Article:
Faul sang the song "The Fool On The Hill", recorded on September 25-27 and October 20, 1967 for the Magical Mystery Tour album, released in late November, 1967. Ever wonder who Faul was singing about? I'm guessing our Paul.
For audio examples of Paul "doing accents", listen to:
1.) https://www.youtube.com/watch?v=782X8OE4AEA where you can hear a 23-second clip of Paul in 1964 greeting the New York disc jockey Murray the K with a black man's accent.
2.) https://www.youtube.com/watch?v=ZR1OMA61FL0 with Paul doing a hilarious mocking of their song, "That Means A Lot". The Beatles tried to record the song on February 20 and March 30, 1965 and in the March 30th. session, Paul started singing the song with a heavy Liverpool accent and then shifted to singing it (deliberately, of course) off-key.
3.) Another audio excerpt is from what came to be known as Paul's Christmas Album--an acetate recording Paul put together in late 1965 as a gift to his bandmates. Listen to a short clip of Paul doing an impressive American disc jockey accent at: http://www.thebeatlesrarity.com/2015/12/24/asknat-concerning-paul-mccartneys-christmas-album .
For printed proof of Paul's talent for imitation I found:
1.) The Los Angeles radio station KRLA's fan magazine of the 1960's KRLA BEAT interview of Paul by Derek Taylor. Taylor had been the public relations manager for The Beatles and in 1965 was an independent PR agent. The interview was published April 21, 1965:
Derek: I think it's often surprising that with a face like yours . . . sort of angelic face . . . the face of a delinquent choir boy, someone once said . . that you have actually got many voices. One of them you might call a "colored voice." That was your "colored voice" in "She's A Women", wasn't it?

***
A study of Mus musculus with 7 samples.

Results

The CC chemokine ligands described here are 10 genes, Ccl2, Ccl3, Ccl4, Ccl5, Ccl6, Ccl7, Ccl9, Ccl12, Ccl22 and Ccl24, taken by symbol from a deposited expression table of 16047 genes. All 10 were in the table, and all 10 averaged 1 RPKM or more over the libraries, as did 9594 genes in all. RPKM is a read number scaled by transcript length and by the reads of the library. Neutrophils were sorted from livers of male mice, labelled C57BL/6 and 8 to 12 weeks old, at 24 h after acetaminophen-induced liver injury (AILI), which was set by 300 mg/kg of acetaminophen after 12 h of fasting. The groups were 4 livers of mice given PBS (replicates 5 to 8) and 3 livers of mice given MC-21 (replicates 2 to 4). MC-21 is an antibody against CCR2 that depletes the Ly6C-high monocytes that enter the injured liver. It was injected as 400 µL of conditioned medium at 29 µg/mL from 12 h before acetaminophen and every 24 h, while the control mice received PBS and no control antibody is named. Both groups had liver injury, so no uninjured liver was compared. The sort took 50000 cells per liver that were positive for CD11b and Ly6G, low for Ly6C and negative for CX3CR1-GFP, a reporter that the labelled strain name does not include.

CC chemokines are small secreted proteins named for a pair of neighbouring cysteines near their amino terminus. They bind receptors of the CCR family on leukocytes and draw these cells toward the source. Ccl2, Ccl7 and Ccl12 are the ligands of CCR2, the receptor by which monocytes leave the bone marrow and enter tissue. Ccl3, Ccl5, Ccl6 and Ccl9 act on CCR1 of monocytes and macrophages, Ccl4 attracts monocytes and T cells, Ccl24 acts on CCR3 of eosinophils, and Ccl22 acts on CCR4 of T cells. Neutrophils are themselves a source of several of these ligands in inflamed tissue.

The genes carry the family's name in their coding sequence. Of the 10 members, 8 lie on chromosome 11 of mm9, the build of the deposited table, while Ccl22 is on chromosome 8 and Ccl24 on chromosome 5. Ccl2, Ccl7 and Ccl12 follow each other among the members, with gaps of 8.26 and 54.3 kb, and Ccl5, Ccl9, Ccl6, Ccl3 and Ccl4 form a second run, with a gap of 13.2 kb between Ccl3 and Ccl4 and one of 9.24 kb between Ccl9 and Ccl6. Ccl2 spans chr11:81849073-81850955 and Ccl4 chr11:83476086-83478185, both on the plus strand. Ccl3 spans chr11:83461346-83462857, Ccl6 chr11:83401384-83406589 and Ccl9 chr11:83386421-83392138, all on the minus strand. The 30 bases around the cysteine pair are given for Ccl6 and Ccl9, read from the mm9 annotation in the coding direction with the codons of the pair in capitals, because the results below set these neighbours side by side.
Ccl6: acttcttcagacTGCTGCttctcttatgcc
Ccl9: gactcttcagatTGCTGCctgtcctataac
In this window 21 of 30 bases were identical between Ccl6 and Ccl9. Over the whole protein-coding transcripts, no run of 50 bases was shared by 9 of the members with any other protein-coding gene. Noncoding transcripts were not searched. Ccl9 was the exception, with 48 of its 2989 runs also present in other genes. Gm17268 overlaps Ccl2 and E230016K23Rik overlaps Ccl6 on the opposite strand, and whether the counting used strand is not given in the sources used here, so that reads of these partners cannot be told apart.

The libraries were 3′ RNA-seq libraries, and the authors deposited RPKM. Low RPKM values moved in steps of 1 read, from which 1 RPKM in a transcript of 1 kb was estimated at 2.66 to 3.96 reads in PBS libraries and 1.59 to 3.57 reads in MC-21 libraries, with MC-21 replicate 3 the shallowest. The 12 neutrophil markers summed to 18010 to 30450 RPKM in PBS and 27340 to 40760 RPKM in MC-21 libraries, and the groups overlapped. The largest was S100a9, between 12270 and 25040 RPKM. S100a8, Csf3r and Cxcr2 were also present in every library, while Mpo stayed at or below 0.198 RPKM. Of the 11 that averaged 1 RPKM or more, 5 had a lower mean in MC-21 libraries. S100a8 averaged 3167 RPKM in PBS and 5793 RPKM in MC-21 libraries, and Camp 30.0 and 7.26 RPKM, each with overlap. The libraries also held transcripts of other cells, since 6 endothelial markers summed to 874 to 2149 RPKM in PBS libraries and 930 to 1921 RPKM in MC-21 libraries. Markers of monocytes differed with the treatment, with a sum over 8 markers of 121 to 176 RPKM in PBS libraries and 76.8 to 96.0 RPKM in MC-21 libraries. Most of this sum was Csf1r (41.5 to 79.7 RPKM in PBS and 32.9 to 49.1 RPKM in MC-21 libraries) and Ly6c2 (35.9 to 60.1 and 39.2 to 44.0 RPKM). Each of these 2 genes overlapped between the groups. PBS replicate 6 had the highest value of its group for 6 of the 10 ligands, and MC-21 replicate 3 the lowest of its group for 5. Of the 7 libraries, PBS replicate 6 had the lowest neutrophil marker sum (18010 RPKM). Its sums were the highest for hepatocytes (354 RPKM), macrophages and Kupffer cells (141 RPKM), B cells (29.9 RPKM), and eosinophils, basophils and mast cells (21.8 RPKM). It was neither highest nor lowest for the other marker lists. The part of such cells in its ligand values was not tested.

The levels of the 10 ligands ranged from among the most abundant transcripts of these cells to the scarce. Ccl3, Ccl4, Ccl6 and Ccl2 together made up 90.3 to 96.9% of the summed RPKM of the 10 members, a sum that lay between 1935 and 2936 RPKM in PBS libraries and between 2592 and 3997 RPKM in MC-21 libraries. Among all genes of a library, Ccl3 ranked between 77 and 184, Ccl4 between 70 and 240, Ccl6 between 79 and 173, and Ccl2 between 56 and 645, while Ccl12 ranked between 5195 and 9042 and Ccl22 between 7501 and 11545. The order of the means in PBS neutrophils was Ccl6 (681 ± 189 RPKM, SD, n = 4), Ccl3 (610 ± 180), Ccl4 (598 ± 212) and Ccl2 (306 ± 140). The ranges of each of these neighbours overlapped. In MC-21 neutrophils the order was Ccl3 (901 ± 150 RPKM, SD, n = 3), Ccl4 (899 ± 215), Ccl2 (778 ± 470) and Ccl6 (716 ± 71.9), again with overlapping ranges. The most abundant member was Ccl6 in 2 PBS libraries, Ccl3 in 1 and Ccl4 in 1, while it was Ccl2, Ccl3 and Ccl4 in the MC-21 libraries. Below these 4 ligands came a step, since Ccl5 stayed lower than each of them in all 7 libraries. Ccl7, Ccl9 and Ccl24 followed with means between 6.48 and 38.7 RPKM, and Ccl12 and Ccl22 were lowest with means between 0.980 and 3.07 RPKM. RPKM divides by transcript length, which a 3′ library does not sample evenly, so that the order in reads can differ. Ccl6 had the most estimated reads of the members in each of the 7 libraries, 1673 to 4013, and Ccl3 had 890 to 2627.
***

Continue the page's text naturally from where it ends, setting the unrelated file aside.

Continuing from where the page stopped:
Paul: No, it was my green voice.
Derek: What would you call your anti-lovely voice?
Paul: I don't know . . soppy, I suppose.
Derek: Away from song-writing since you're now actors . . .
Paul: Me James Cagney one, isn't it?
Derek: Yeah, he's playing a James Cagney face, which isn't recording too well on tape. Could you give us a James Cagney line?
Paul: No, I'm afraid not.
Derek: Would you do us a quick imitation of any of your friends?
Paul: Any of my friends? I couldn't, really. I'm not very good on imitations.
Derek: You don't like being prompted to do it.
Paul: You're right.
2.) And then there's the Maureen Cleave interview published in the Evening Standard, March 25, 1966 where she described Paul as a ". . . terrible tease, an excellent mimic."
My point? Faul claimed that he wrote "The Fool On The Hill" about a Mahareshi Mahesh Yogi-like person--apropos the Beatles visiting the Indian guru in 1967 in Bangor, Wales.
Sounds possible except that the Magical Mystery Tour album that contained "The Fool On The Hill" track had a booklet accompanying it that had a drawing of Paul beneath the words "Fool On The Hill" and the last letter of the title touches--or is meant to split-- Paul's head. (See image below.)
Remember the lyrics:
Well on the way
Head in the cloud
The man of a thousand voices
Talking perfectly loud.
The lyrics suggest a man--who is not traveling alone in a vehicle--[someone heard him talking], is close to getting home and--when you add in the song's current descriptions of him--had some sort of life-changing experience.
But also implies that--as of the recording of the song in 1967--the person was still alive.